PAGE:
Discussions on mental health issues, treatments, and other related information. Also, opinions and stories.
Friday, January 04, 2013
ACA Podcast: Gestalt Therapy
I had a few moments today to listen to a Podcast from the American Counseling Association on Gestalt Therapy. Those of you familiar with Gestalt Therapy approaches most likely remember their graduate studies watching the "Gloria" videos with Fritz Perls demonstrating his interpretation of Gestalt Therapy. The Podcast I listened to was by John Frew, Ph.D. who is a private practitioner who utilizes Gestalt therapy, theory, and methods. The following is a brief review of what I learned. It is in no way endorsed by anyone and I am not endorsing anyone or any organization. I found the information, however, beneficial and helped me to understand the Gestalt approach better.
Gestalt therapy and theory is based on wholeism. Wholeism taking into account all parts of the person such as thoughts, feelings, behaviors, dreams, and more. All of the internal person is connected to their environment and individuals are motivated by needs. As a Gestalt therapist, one would look at the most salient issues first (i.e. what sticks out).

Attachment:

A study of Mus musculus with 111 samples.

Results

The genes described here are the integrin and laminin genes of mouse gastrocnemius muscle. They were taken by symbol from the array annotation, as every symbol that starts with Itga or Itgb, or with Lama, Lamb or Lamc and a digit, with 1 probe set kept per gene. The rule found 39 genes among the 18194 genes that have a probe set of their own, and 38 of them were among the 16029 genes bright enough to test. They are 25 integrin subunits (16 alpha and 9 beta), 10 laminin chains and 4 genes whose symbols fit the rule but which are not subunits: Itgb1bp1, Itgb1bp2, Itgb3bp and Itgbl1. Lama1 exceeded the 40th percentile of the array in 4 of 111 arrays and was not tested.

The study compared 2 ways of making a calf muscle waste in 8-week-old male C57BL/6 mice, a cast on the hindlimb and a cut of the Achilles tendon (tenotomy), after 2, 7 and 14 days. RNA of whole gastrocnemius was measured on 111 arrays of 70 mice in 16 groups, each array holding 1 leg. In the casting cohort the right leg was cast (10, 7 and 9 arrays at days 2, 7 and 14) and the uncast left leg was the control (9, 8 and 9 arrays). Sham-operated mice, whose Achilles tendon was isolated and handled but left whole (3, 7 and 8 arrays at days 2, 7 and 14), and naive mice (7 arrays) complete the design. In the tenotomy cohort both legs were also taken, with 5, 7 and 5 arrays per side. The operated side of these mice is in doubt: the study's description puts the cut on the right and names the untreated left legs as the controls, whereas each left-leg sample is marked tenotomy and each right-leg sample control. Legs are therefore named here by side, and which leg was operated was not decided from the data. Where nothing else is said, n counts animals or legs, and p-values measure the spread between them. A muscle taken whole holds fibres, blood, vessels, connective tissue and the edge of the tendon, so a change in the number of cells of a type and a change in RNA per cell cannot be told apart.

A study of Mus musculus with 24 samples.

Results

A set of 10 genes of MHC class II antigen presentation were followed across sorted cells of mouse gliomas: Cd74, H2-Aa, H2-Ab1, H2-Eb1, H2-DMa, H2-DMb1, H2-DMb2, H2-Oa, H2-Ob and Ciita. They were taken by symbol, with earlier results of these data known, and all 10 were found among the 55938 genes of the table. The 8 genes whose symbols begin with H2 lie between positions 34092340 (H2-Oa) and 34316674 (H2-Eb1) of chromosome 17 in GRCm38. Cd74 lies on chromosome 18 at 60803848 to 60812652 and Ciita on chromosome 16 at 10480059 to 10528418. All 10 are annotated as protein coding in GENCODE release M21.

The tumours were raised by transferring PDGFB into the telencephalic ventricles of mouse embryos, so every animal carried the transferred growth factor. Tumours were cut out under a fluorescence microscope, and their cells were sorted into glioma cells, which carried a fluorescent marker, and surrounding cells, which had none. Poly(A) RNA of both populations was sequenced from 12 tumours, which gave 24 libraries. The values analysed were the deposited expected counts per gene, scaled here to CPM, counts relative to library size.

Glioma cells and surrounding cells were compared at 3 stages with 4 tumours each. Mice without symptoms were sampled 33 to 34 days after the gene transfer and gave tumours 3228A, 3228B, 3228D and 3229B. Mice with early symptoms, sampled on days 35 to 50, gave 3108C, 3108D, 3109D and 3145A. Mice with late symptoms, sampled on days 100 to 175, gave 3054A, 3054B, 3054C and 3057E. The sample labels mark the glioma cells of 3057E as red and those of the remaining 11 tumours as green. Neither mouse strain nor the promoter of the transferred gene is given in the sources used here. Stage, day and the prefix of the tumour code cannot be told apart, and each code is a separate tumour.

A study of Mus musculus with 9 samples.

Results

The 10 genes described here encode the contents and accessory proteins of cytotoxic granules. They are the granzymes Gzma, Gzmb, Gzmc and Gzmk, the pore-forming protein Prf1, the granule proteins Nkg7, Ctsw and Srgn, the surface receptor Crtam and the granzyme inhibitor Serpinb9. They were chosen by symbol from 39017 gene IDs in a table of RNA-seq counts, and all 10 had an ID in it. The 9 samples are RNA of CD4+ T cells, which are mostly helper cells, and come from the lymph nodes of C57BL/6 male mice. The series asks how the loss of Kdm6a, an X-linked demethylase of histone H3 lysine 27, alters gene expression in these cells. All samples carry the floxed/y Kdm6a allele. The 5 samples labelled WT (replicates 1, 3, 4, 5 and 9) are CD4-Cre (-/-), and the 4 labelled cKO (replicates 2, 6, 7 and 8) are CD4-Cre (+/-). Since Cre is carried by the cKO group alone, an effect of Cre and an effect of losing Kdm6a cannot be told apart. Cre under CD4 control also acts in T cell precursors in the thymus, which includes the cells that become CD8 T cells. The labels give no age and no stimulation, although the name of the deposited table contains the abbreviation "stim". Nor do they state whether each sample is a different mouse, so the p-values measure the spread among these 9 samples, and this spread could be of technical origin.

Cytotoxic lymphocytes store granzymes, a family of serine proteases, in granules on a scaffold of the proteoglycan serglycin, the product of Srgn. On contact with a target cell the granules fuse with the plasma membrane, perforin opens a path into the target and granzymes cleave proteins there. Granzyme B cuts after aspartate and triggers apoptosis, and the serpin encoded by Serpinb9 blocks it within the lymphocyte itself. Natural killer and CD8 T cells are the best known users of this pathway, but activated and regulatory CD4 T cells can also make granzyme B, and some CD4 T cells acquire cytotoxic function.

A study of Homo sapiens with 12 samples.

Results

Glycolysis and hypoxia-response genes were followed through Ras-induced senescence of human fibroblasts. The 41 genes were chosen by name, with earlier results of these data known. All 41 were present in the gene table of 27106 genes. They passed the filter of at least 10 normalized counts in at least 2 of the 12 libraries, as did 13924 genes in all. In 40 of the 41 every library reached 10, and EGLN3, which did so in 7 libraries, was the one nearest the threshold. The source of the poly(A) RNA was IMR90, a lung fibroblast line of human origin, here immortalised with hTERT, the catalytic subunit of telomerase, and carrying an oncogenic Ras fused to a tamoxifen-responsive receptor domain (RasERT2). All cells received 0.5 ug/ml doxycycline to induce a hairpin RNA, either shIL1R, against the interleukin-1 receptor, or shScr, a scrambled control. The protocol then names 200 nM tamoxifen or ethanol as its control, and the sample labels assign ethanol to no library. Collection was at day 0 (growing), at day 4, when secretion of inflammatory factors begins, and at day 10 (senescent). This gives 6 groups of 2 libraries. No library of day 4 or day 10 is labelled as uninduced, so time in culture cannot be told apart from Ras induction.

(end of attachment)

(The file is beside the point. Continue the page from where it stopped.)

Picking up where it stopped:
Gestalt theory is a theory of health and strengths, rather than pathology. It takes a strengths-based approach and believes that people can generally regulate themselves within their own environment. This is called "organismic regulation." If individuals have satisfaction with needs, then they move on to other needs.
Awareness is a key concept for treatment. An individual focuses on intrapersonal and interpersonal awareness and if there is an equilibrium with them. If there isn't, then pathological issues can arise and the individual can focus on seeking resolution. This can be done by focusing on the here and now and making creative adjustments. The past does matter in regards to the creative adjustments that individuals made in the past that are no longer functional. At times, individuals buy into the beliefs of others and adopt it as their own. This is called an introject. At times, they must make a new creative adjustment to come to a resolution.
Dr. Frew provided a lot of helpful information. If you're a member of the ACA, I would recommend listening to his podcast.